At its most basic level restoration and regeneration is the normalization of the basal metabolic rate (BMR), the sympathetic and parasympathetic nervous systems and all the functions they entail (circulation, assimilation, rest and elimination). In competitive endeavors, where performance is prized over participation, there are competitive advantages to accelerating the recovery process. Many competitions require multiple rounds of competitions or performances over a short period of time. Virtually every Olympic sport requires this and it is also a reality during play-offs of most professional sports.
Accelerated recovery is critically important because it is fatigue or cumulative fatigue that is one of the major performance limiting factors. Ideal performance and a greater opportunity for success hinge on the athlete competing with a “full tank.”
This is not a new concept. Most USATF Level l coaches utilize restoration and regeneration when they follow a “hard-easy” workout sequence in the weekly training plan. One day of hard work followed by an easy day to recover. As the sophistication of training theory evolves, particularly as used by the Europeans, time and effort are spent on activities that accelerate recovery (massage, chiropractic, diet, electro-therapy, hydrotherapy, etc.). I have a friend who was the Olympic Biathlon coach. He feels that Americans will never succeed in endurance based events using the present healthcare model of symptomatic care. It is his opinion that recovery efforts must be pursued aggressively and pro-actively and must be as closely scripted as other training components such as interval training or weight work.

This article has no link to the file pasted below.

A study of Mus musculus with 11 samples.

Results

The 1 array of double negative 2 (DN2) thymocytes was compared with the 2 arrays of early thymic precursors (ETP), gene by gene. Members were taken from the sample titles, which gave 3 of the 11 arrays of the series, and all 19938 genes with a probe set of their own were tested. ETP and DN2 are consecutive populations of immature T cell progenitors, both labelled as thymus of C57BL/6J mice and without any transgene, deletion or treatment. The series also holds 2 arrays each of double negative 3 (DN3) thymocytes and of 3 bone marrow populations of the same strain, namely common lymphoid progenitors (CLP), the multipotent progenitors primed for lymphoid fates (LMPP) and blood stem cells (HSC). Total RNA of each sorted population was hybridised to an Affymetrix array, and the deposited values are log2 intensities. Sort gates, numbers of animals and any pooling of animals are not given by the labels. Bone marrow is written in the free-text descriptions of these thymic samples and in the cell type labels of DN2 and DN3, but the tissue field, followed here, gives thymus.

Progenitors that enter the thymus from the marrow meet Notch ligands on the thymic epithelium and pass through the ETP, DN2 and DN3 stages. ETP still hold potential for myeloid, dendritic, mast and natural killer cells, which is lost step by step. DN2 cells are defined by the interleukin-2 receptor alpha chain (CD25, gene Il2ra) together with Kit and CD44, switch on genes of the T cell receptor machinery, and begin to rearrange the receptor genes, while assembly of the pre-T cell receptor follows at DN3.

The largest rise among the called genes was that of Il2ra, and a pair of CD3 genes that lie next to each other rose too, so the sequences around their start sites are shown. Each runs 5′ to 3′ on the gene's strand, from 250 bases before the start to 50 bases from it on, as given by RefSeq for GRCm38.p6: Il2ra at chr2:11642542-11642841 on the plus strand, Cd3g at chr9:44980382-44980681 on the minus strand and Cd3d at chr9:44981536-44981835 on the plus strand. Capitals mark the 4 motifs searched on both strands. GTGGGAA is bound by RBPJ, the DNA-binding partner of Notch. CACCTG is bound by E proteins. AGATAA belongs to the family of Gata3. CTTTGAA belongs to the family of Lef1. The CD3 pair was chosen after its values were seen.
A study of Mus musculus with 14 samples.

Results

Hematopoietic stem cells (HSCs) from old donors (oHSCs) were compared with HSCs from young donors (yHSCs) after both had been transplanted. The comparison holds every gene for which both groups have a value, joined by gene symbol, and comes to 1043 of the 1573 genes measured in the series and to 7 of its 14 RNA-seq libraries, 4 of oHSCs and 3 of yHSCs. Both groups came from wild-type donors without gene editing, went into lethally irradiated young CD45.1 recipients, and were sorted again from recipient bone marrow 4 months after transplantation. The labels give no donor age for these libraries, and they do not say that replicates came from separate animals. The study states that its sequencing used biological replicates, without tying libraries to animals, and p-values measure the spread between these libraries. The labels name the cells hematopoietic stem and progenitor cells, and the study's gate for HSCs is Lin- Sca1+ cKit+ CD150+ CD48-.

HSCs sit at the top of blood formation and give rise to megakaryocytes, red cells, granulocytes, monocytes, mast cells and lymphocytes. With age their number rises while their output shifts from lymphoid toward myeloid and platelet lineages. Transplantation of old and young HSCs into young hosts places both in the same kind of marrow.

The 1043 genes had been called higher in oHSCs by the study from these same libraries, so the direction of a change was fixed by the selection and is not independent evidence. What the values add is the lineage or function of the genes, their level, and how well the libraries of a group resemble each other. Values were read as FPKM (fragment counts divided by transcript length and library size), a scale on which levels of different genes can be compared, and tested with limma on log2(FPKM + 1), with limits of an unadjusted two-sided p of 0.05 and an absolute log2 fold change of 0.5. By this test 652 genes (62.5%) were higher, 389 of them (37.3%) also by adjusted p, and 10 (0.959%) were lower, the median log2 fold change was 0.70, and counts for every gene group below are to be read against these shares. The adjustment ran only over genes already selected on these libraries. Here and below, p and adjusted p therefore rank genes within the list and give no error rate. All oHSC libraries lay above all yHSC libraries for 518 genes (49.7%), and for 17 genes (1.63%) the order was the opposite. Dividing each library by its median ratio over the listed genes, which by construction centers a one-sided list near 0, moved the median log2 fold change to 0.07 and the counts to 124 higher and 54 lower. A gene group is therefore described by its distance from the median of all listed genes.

The role of restoration and regeneration can be explained using Yokalev’s model. (Figure 2). Yokalev’s model is arguably the most widely used training theory model in the world. Basic metabolic rate (BMR) is represented by the x- axis. Time follows +x. Performance and fatigue make up the continuum of the y-axis. A training session, the intersection of x and y. (weight training, running, cycling, etc.) produces fatigue over time (-y). When a training session ends, recovery, over time, begins. If the training load is appropriate for the athlete’s level of fitness a period of super-compensation or adaptation follows. In theory this is the desired improved performance. This pattern is repeated daily, weekly and monthly and if done judiciously, avoiding illness and injury, one could expect performance to improve as one’s career progresses. (Figure 3).
Chiropractic and massage fit into this model as both disciplines help shift the recovery curve to the left, (the dotted line} decreasing the time necessary to return the body to its BMR. This is accelerated recovery. This is significant because this allows the athlete to, in theory, safely train harder and more often, accelerating the date of their potential, ultimate performance. Incidentally, this is the effect of the banned, performance-enhancing drug, an anabolic steroid, has on the body.
In truth this is a vast oversimplification of training theory. The actual practice becomes more complicated because of the multiple variables that need be factored into a yearly or semi-annual training cycle including competition dates, peaking plans and the planned and unplanned stressors of one’s personal life. Great athletes only make it look easy.
Of particular note is that chiropractic can, when used prior to a competition, also enhance performance (increasing the super-compensation curve upwards on the y-axis). It has been known for decades that an adjusted articular joint enjoys an ease of movement and an increased range of motion and subsequent neuromuscular response. Studies by New York Chiropractic College’s Joseph Miller, DC suggest that thoracic spine adjustments improve maximal oxygen consumption ability (max V02), the implications of which are staggering for an endurance athlete.
Unfortunately, as a profession chiropractors have done a less than stellar job getting the word out on this. Anecdotally or intuitively an athlete “knows” chiropractic care aids performance but with regards to the “why’s” necessary to explain chiropractic’s role to another health care provider the profession has fallen short. With the adaptation of the new triage model chiropractic now has a defined role, With a complementary service that can be defended with scientific fact. And this is, in part, why the line forms at the chiropractor’s tent.